Bolt hole mystery could delay next shuttle launch
Posted: September 30, 2001

An Orbital Maneuvering System (OMS) engine firing causes this bright glow at the aft end of the shuttle. Photo: NASA
NASA officials will decide this week whether shuttle Endeavour's orbital maneuvering engine pods must be removed for inspections, a move that would likely delay the ship's November space station mission until next year.

Engineers uncovered elongated bolt holes on connection joints that hold the engine pods onto sistership Columbia, prompting officials to consider the time-consuming job of checking Endeavour and other shuttles for similar defects.

Engineers are expressing concerns over the issue because -- given a variety of circumstances -- the attach fittings with elongated bolt holes can fail during flight. The risk of failure is even greater during some situations such as some emergency abort scenarios.

Endeavour is scheduled to liftoff at 7:35 p.m. EST November 29 carrying the fourth crew to live and work aboard the international space station, replacing the three-man team currently residing on Alpha.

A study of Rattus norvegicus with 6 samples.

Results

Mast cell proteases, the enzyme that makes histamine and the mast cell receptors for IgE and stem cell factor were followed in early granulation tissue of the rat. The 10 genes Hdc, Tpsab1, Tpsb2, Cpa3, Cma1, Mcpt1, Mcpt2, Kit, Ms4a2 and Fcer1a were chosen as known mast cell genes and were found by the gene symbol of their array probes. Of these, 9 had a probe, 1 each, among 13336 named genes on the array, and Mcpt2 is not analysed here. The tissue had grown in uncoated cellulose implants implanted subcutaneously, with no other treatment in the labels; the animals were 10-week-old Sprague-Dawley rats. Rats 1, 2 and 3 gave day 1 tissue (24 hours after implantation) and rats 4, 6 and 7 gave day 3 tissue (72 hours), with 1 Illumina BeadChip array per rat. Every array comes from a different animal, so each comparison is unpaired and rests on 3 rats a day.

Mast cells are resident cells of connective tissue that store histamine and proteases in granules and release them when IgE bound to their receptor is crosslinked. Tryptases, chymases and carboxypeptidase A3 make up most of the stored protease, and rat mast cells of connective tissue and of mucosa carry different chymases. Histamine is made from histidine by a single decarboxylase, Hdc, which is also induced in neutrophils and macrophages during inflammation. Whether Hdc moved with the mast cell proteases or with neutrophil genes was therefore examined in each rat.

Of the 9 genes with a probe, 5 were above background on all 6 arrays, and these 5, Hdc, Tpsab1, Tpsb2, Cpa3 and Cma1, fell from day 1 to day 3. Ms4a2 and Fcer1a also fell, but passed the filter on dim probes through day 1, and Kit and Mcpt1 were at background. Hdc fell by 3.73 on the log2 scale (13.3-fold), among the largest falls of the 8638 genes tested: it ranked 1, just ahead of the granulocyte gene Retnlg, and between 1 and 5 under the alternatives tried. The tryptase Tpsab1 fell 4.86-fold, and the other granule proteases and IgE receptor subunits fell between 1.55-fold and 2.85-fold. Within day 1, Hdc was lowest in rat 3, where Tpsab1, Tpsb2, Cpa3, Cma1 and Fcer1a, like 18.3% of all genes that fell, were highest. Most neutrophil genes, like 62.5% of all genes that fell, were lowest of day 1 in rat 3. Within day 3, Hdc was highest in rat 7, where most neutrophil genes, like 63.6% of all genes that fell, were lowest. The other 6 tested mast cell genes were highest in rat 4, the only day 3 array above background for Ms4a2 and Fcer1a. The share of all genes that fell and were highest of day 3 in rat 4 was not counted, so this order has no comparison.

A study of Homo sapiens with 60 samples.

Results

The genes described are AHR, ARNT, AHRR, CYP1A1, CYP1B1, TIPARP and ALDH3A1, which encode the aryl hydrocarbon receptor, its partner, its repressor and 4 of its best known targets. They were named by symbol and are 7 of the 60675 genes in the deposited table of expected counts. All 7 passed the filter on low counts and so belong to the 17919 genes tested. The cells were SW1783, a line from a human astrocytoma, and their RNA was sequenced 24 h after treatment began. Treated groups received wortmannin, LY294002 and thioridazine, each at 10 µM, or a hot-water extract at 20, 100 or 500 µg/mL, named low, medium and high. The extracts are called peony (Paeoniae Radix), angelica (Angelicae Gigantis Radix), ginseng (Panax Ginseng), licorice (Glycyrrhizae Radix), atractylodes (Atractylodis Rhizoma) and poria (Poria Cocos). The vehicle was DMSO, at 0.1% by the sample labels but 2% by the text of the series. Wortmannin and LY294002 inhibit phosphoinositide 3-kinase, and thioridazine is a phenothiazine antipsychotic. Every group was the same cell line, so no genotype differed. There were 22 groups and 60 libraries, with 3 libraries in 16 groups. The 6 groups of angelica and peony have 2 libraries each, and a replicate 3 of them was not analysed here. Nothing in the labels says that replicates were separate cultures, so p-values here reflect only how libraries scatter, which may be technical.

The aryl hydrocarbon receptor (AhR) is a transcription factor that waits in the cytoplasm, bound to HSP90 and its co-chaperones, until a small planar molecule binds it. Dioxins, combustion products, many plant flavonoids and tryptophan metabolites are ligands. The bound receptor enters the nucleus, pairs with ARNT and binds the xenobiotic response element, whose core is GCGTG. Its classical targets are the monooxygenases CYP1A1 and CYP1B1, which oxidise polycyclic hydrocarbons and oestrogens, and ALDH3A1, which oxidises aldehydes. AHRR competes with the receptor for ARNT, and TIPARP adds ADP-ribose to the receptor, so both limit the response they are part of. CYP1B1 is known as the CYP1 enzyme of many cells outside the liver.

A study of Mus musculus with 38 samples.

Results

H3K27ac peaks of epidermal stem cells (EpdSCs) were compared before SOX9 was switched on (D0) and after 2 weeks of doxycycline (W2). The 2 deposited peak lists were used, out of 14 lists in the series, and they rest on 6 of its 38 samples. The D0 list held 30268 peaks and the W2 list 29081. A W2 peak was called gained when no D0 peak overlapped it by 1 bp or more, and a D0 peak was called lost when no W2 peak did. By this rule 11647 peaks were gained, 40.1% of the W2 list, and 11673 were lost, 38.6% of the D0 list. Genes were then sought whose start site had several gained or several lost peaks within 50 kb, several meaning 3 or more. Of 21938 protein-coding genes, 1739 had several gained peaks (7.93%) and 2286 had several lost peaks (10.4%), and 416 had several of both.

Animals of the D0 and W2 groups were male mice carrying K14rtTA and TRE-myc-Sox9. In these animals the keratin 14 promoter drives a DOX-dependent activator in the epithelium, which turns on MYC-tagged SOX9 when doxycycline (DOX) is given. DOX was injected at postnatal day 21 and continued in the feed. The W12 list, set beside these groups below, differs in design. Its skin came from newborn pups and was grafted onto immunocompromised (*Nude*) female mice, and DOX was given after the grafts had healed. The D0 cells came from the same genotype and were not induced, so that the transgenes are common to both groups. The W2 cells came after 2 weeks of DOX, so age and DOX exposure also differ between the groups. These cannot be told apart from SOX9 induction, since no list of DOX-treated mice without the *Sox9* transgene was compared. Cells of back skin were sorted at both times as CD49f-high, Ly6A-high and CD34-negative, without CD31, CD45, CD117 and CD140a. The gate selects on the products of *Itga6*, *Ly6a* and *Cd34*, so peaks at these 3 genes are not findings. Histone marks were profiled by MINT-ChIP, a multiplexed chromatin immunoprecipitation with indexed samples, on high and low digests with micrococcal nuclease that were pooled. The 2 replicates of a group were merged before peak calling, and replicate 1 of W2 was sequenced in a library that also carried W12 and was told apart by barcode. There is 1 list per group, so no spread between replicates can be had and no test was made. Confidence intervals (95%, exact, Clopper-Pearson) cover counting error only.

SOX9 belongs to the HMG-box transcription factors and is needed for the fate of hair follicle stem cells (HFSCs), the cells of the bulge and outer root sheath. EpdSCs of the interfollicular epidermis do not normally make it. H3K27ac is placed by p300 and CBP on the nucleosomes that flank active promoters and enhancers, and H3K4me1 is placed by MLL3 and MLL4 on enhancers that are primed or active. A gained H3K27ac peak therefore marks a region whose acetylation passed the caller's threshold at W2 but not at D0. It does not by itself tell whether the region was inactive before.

But if engineers choose to go ahead and with inspections and possibly repairs on Endeavour, the launch would probably be postponed until the first two weeks of January.

NASA managers plan to meet again this week to determine if Endeavour is safe to launch "as is" on November 29, or if they will order engineers in Florida to remove one or both of the pods for inspections.

Similar checks could also be conducted on shuttles Atlantis and Discovery. Atlantis is preparing for launch to the international space station next February and Discovery is supposed to be taken out of flight rotation for an extensive modification and inspection period over the coming months.

The space shuttle's orbital maneuvering system engine pods are used for major orbit-changing firings and to slow the shuttle before the re-entry during the deorbit burn. The twin pods mounted to the aft end of the orbiter contain fuel tanks, maneuvering thrusters, and one large engine each. The units are attached to the shuttle using 12 connection joints, with each of those including the 14 suspect bolt holes.